A new study has unveiled more of the secrets that the fatal neurological condition ALS has been hiding from us. The exact cause of ALS is still unknown. Ongoing research on the disease aims at finding the reason that triggers the degeneration of the nervous system. One such research work has shown that the brain undergoes damage very early during the progression of the disease. Also, the motor neurones of the spine die well before symptoms begin to appear. 

Awareness of Lou Gehrig’s Disease, also known as Amyotrophic Lateral Sclerosis (ALS) has been spread on a large scale this year, specially on online social networks with the ALS Ice Bucket Challenge videos that went viral. While the method of raising awareness might have been questionable (wasting water to inform people of the seriousness of a disease, really?!), people have been encouraged to invest in fundraising to finance research for the disease.

ALS is a neurological condition whereby the nervous system gradually degrades. The brain, spine, together with the muscular system with which they interact are all affected. The cause that leads to the deterioration in function of the said organs is not known. Because of this, the treatment is also lacking, since the medical experts do not know which part of the body should they tackle first. Researchers are still working on finding out the reason that triggers the degenerative process.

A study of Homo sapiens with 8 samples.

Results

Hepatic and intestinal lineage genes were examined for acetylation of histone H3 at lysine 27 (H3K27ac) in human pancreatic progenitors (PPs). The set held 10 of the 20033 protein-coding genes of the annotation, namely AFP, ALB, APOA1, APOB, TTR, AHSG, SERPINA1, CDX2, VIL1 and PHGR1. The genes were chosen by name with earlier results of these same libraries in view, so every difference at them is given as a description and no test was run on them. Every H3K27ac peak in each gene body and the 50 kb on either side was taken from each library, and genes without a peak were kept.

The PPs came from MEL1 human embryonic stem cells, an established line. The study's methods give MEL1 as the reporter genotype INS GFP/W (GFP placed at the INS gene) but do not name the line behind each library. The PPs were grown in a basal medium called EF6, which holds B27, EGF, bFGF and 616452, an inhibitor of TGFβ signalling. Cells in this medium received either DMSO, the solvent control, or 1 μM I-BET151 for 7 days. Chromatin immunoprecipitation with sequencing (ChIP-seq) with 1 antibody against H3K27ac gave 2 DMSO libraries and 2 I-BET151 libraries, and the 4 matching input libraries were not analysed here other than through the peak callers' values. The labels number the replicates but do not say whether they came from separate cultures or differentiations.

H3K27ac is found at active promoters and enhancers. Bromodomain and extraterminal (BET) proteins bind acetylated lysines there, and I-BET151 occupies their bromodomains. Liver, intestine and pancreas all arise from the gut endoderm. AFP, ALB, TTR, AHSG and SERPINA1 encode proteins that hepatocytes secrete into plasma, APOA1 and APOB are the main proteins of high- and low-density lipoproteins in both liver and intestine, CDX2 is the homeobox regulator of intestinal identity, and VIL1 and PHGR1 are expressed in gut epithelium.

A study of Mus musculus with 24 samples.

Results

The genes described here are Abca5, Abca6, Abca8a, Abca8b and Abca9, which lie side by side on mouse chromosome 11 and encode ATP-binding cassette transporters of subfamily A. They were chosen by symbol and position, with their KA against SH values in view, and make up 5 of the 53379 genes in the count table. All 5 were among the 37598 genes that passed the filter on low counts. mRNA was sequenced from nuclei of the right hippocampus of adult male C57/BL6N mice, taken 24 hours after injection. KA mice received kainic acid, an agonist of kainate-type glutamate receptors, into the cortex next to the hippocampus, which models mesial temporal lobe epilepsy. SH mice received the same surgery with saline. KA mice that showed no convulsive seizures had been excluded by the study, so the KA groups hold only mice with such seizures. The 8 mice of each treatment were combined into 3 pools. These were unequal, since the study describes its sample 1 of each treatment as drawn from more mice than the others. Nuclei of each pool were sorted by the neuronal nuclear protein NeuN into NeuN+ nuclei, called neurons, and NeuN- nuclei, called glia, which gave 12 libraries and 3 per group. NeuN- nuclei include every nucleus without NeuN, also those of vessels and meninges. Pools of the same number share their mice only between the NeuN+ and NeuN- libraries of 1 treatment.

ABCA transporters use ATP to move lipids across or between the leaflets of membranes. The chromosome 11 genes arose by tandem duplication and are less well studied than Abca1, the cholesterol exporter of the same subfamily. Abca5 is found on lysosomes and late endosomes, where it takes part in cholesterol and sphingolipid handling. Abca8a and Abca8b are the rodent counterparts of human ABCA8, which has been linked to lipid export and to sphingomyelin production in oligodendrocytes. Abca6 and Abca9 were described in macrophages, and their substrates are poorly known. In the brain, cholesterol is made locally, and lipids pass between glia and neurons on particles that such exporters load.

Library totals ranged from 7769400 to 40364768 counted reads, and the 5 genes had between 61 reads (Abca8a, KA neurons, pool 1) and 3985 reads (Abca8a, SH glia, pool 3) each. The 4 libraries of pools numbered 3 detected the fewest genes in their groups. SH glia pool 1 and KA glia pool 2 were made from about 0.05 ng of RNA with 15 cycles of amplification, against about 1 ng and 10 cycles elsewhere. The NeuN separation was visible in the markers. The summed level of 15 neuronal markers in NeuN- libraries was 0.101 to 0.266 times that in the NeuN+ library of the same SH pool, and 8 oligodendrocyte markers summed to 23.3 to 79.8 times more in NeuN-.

A recent study has brought new insight into the disease. The authors have suggested that the brain might be undergoing damage earlier than it is generally thought. The lead author, Clive Svendsen, stated that:

In this study, we show the exact progression of ALS in animals that have an inherited form of the disease, and we expose the brain’s significant role in initiating the disease process thought previously to originate in the muscle or spinal cord”.

They reached these conclusions when they found out that the changes occurring at the level of the brain had a critical role on the onset of the disease. They had previously selectively removed the mutation that is responsible for ALS from the brains of animals affected by the disease. They also discovered that the spinal motor neurones which control muscles die prior to the appearance of symptoms, and before nerve damage happens between the spinal cord and the muscles. Furthermore, the motor neurones in the brain die in the final stages of ALS, but they start to appear dysfunctional very early.